Western Pennsylvania cold spell breaks for a day — then it gets worse
The region will get a reprieve from an abnormal cold snap Wednesday with predicted highs in the mid-20s, according to the National Weather Service in Moon Township.
A wind chill advisory issued Monday, with wind chills plummeting as low as -15 in Southwestern Pennsylvania, will expire at noon Wednesday.
The frigid weather prompted more than 150 school districts in the region to issue two-hour delays Wednesday.
Temperatures Wednesday afternoon will reach the mid-20s, still much lower than the normal highs in the mid-30s this time of year, he said.
But the break won't last long — another wind chill advisory will likely be issued Thursday night and could last through Saturday when wind chills could dip to minus-18 degrees, according to Hendricks.
Wednesday night, temperatures will drop down to 10 degrees with scattered snow showers into Thursday, and the winds will die down, he said.
Thursday will hold steady at 12 degrees with wind chills at minus-1.
Thursday night's low is back down to 0 degrees with wind chills ranging from minus-10 to minus-18 for southwestern Pennsylvania through much of Saturday.
Scattered snow showers are predicted for Friday with a high temperature of 8 degrees, then 0 degrees on Saturday morning.
Then "get out your shorts" for Sunday when highs reach the low 30s, Hendricks said.
A short warming trend could last into Tuesday, but after that, the long-range forecast calls, again, for well-below normal temperatures, he added.
Abnormal cold snap
Although the recent cold snap has unleashed abnormally cold temperatures and multiple days of frigid weather, it's certainly not breaking any records.
The longest period of 32-degree and below temperatures in Southwestern Pennsylvania since records have been kept for more than 135 years, was 33 days set in the winter of 1976-77.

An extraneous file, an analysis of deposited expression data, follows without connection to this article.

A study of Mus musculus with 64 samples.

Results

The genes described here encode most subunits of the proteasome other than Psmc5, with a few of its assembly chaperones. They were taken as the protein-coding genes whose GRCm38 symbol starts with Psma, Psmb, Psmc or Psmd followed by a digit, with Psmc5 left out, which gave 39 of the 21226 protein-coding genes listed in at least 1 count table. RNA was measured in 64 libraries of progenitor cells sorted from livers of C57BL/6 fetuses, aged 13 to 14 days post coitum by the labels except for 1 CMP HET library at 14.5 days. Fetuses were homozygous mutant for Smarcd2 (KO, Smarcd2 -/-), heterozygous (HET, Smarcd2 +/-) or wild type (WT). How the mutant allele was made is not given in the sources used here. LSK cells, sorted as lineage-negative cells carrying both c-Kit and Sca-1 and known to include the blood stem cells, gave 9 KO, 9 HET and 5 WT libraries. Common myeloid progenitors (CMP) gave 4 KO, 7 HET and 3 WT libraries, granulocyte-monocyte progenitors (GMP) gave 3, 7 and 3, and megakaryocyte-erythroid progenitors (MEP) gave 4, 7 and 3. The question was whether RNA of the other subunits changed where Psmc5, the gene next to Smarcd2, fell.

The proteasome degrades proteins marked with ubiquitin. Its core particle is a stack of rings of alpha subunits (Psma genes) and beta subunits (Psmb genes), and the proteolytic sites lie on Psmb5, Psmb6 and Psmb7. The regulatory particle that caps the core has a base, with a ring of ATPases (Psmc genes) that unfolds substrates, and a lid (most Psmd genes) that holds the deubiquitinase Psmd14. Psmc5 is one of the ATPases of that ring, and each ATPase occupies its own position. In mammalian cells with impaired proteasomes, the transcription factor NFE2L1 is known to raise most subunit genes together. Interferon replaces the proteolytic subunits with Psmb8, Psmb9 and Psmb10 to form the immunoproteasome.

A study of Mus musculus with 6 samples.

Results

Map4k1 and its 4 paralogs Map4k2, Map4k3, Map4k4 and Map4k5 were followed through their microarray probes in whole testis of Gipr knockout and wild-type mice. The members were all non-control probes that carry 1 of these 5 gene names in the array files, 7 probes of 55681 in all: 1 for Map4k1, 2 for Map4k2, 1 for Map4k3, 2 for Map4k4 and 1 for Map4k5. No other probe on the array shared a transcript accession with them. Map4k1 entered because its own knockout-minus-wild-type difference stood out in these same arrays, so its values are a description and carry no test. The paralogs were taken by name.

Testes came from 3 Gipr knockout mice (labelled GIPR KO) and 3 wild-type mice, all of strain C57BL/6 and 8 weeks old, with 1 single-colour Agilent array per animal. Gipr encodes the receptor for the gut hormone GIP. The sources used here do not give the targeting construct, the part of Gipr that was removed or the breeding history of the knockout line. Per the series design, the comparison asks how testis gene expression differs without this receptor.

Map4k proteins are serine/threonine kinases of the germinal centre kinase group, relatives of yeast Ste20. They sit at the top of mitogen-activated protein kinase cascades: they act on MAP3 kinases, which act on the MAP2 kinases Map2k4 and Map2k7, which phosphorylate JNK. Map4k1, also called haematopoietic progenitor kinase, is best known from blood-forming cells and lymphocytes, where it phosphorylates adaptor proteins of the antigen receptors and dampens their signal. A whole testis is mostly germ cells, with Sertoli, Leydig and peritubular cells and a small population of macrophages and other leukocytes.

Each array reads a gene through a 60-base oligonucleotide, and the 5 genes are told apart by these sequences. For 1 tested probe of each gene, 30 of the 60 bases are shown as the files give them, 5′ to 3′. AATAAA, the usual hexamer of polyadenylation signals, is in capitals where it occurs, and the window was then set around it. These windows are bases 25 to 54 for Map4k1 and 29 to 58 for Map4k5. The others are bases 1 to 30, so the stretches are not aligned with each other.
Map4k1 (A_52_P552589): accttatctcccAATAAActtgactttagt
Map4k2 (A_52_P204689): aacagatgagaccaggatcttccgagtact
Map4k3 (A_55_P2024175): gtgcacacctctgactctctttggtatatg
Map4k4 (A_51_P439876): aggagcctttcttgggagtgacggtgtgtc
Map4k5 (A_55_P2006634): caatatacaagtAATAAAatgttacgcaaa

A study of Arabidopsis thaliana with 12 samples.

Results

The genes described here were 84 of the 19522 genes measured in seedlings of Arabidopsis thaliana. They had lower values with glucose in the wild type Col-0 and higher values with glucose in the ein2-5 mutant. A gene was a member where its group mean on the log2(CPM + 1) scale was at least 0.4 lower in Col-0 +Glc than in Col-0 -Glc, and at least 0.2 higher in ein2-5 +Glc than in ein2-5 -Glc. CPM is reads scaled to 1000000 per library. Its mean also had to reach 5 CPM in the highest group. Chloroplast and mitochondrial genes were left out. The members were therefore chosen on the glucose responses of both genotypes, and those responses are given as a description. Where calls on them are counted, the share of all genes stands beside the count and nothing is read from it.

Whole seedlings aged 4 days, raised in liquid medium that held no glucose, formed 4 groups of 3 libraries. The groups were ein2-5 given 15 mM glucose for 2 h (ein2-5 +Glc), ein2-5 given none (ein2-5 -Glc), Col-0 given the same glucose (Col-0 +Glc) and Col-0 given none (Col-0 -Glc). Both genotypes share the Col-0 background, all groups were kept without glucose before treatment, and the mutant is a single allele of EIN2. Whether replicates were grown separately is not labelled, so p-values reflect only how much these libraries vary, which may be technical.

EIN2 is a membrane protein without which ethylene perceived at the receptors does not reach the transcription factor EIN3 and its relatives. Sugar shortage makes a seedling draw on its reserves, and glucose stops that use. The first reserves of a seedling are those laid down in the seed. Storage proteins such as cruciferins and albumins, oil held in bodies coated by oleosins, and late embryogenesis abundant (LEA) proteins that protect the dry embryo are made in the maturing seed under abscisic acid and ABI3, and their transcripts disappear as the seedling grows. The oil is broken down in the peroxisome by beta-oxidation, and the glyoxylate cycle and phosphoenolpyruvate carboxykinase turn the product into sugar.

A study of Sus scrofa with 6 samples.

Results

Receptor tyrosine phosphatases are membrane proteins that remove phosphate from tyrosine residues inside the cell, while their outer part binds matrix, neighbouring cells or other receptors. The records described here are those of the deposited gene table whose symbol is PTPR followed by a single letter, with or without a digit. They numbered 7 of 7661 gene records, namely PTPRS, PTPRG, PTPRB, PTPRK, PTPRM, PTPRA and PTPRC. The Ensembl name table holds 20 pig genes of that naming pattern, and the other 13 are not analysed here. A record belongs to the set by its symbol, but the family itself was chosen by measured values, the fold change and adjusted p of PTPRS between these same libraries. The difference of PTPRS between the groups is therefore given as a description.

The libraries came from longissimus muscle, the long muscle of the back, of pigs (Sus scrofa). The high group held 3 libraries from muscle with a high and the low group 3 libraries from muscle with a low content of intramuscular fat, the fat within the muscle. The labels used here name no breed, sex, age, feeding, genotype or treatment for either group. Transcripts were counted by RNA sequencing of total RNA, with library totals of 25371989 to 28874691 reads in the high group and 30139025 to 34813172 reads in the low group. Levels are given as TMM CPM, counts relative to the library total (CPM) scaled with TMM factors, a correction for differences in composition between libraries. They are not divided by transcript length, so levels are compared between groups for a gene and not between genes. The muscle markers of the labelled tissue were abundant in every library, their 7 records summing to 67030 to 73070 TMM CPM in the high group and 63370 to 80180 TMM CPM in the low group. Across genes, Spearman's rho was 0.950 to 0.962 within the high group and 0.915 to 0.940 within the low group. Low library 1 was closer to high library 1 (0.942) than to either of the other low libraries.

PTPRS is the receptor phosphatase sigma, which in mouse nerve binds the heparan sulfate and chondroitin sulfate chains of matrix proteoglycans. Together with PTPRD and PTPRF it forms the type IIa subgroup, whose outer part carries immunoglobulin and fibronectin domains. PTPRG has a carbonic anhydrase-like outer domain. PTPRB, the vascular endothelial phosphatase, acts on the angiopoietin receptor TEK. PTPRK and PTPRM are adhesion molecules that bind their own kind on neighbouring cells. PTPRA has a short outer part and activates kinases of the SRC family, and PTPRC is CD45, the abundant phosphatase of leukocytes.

There has been eight periods of 16 consecutive days of temperatures at or below 32 degrees; seven of those occurred after 1976, Hendricks said.
At least 12 deaths attributed to freeze throughout nation
The cold has been blamed in at least 12 deaths in the past week, according to the Associated Press.
Police in St. Louis said a 54-year-old homeless man found dead in a trash bin Monday evening apparently froze to death as the temperature dropped to minus-6 degrees.
Two other suspected cold-related deaths occurred in Wisconsin: a 27-year-old woman's body was found Monday evening on the shore of Lake Winnebago, and a 57-year-old man was found dead Sunday in a parking structure in Madison.
Bitterly cold temperatures gripped much of the nation on Tuesday, testing the mettle of even winter-wise northerners and delivering a shock to those accustomed to far milder weather in the South.
Indianapolis Public Schools canceled classes after the city tied a record low for the day — set in 1887 — of minus-12 degrees. The northwest Indiana city of Lafayette got down to minus-19, shattering the previous record set in 1979.
With Chicago-area wind chills expected as low as minus-35 degrees, forecasters warned of frost bite and hypothermia risks. They urged residents to take precautions, including dressing in layers, wearing a hat and gloves, covering exposed skin and bringing pets indoors.
Associated Press contributed.
Mary Ann Thomas is a Tribune-Review staff writer. Reach her at 724-226-4691, firstname.lastname@example.org or via Twitter @MaThomas_Trib.